Why You Should Eat More Yogurt

yogurt Yogurt is a delicious snack that a lot of us enjoy. Many of us eat yogurt to boost our intake of protein, calcium, or even probiotics. But can yogurt improve your heart health? Research seems to suggest so.

The study, which was published in the American Journal of Hypertension, wanted to determine whether yogurt could improve high blood pressure.


For the study, the researchers looked at two groups all with high blood pressure. This included 55,898 female participants aged between 30 and 55 years old who enrolled in the Nurses’ Health Study (NHS) and 8,232 male participants aged between 40 and 75 years old who enrolled in the Health Professionals Follow-Up Study (HPFS).

The women completed food frequency questionnaires throughout the course of the study between 1980 to 2006. The male participants also filled out food questionnaires when they enrolled in the study.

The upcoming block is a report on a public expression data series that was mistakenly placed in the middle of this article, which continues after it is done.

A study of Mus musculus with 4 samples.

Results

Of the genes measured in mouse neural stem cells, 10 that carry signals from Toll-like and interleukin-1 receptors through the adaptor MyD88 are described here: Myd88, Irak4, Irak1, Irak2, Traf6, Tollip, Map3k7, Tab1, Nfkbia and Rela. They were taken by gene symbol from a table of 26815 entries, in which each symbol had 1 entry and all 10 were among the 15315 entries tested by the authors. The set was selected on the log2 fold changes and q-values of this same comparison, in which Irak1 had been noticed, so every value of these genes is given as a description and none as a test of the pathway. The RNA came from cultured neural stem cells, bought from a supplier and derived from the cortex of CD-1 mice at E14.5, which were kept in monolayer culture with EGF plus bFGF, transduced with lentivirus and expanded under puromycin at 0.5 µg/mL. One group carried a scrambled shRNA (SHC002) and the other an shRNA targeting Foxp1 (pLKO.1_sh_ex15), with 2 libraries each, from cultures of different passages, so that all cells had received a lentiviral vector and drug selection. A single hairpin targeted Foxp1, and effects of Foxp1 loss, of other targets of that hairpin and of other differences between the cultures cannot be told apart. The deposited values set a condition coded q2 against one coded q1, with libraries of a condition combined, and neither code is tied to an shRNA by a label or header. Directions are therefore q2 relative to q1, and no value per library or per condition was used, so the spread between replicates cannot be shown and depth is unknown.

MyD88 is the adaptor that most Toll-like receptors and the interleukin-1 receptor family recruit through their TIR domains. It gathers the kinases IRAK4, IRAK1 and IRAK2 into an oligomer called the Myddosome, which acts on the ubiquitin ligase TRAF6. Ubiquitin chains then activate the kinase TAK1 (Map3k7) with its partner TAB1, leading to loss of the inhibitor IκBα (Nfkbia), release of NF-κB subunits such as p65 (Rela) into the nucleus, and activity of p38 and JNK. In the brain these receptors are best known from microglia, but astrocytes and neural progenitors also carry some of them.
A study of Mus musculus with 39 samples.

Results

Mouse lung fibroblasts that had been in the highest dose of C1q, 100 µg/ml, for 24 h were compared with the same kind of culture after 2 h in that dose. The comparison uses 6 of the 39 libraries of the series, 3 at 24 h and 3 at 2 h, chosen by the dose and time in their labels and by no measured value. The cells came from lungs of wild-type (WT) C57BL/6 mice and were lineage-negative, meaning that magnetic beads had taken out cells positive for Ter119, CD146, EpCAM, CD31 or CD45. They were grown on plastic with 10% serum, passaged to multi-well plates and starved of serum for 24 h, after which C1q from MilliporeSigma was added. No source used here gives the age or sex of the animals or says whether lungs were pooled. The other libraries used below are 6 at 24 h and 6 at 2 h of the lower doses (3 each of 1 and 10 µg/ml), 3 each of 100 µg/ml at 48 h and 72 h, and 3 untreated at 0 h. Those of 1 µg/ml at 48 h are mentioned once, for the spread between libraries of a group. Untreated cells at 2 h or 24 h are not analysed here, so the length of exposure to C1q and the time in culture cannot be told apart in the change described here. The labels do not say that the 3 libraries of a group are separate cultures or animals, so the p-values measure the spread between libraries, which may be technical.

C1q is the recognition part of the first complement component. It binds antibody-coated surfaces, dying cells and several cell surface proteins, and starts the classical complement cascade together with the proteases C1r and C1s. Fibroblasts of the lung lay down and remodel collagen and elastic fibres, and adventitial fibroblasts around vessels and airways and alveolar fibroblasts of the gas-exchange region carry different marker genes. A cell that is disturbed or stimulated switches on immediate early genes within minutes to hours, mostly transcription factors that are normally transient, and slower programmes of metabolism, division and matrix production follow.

The researchers uncovered that the consumption of yogurt was associated with a decreased risk of heart disease later in life.

Two or more servings of yogurt a week was associated with a 20 percent reduction in suffering congenital heart disease or stroke in the future.

For the women, over two servings of yogurt a week was associated with a 30 percent reduction of a heart attack. In men, this reduced the risk of heart attack by 20 percent.


The study authors wrote, “Our results suggest that higher long-term yogurt intake is associated with lower CVD [cardiovascular disease] risk among hypertensive men and women. These findings endorse that incorporation of yogurt into a healthy diet pattern for individuals with hypertension to aid in the prevention of incident CVD.”

To further reduce the risk of heart disease, the researchers found the consumption of yogurt and a higher DASH (Dietary Approaches to Stop Hypertension) score was most effective. The DASH diet encourages the consumption of more fruits and vegetables and nutrient dense food in order to reduce high blood pressure.

Related: Can foods lower heart rate?